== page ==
SEATTLE - DoorDash is sharing data to shed light on the potential impact the "PayUp" proposal could have on communities in Seattle.
A suite of bills is currently being considered by Seattle city leaders to set minimum wage standards and protections for app-based workers. Proponents of the bill said there are about 40,000 workers who would be impacted.
DoorDash told FOX 13 while it strongly supports DoorDash workers earning more, the company believes if passed PayUp could lead to dramatically increased costs of delivery which could reduce orders. The company estimates Seattle businesses could lose over $74 million collectively a year and DoorDash workers could lose over $32 million in collective earnings due to an expected drop in orders.
"Our data shows that 48% of Dasher earnings are made by Seattle-based Dashers from low-income communities and 48% of Seattle-based Dasher earnings are made by Seattle-based Dashers from communities of color. We also know that 31% of DoorDash deliveries are made to low-income communities. All of this makes us concerned that increased costs could have a disproportionate impact on vulnerable communities," said spokesperson Briana Megid of DoorDash.
In Seattle, workers using DoorDash earn an average of $28 an hour while on delivery with over 90% working less than ten hours a week, according to Megid, who said further, "We’re proud to offer a low-barrier-to-entry earning opportunity that empowers Dashers to work when, where, and how long they like."
Carl Livingston is a local pastor and a political science professor at Seattle Central College. He supports PayUp’s transparency and flexibility, and shares the concern for worker pay. His worry is a little increase in wages could have unintended impacts on small businesses.
"It’s going to negatively impact the consumer at the end that’s going to pay the total price for a sandwich, for a meal, for dinner, and I’m concerned about the impact this is going to have on small businesses, especially those small businesses in black and brown communities," said Livingston.
Marcos Wanless of the Seattle Latino Metropolitan Chamber of Commerce said city leaders have not included them in conversations regarding the policy, he said they could bring in focus groups involving restaurants, companies, food trucks and more. DoorDash is one of its sponsors.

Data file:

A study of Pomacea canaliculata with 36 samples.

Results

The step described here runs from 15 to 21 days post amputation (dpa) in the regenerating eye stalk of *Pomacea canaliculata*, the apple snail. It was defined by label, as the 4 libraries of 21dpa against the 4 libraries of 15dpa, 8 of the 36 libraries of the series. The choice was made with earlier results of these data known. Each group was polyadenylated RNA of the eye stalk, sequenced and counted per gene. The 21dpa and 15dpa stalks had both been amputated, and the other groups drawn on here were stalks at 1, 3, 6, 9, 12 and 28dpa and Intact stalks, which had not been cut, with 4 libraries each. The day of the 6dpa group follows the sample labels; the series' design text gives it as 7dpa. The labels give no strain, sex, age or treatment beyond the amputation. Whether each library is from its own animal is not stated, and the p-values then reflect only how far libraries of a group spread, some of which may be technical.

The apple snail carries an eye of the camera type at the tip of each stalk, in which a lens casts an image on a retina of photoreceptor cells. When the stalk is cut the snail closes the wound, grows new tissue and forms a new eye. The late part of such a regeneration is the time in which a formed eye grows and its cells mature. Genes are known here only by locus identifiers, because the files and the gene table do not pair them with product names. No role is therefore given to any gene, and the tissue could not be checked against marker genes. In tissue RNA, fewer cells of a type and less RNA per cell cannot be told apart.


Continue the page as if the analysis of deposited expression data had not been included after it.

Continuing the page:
"When the price of something goes up, then somebody’s going to have to pay for that," said Wanless who is the President and Founder of the Seattle Latino Chamber. "The Latino worker is a hard worker, the people of color workers, we’re hard workers, we always have to do double the effort for things. So, we really want to make their workplace better. Then, we have to study how we’re going to do this. Otherwise, we can end up making things worse, and we don’t want that."
Evans said he’s currently working part-time with AxleHire and said he knows exactly what he’s going to be paid and can accept the job or not. He said in his experience, working on other apps have been more gray and ambiguous.
"You know what you get, you know what you’re going to get paid, you can plan on that, and you know at the end of the day, end of your shift, you’re going to get that amount of dollars," said Evans. "You can plan out your life to some degree, which is the basis of why we’re trying to get this legislation established."
"No worker in Seattle should be paid less than the minimum wage. Yet this is a reality for these workers, while app-based companies are achieving record profits," said Councilmember Lisa Herbold, bill sponsor. "Billion-dollar corporations are making the same arguments today as nearly 100 years ago when the minimum wage was first introduced – that it would hurt workers. Studies are useful. The City commissioned studies on the $15 minimum wage and Secure Scheduling for retail and chain restaurant workers. They found that the minimum wage increase did not affect prices and that Secure Scheduling did increase worker financial security. This bill has undergone nearly a year of engagement with stakeholders; we have more work to do, and we are continuing to meet with employers and workers."
PayUp will be discussed against on Tuesday during a hearing with the Seattle Human Services and Public Safety Committee.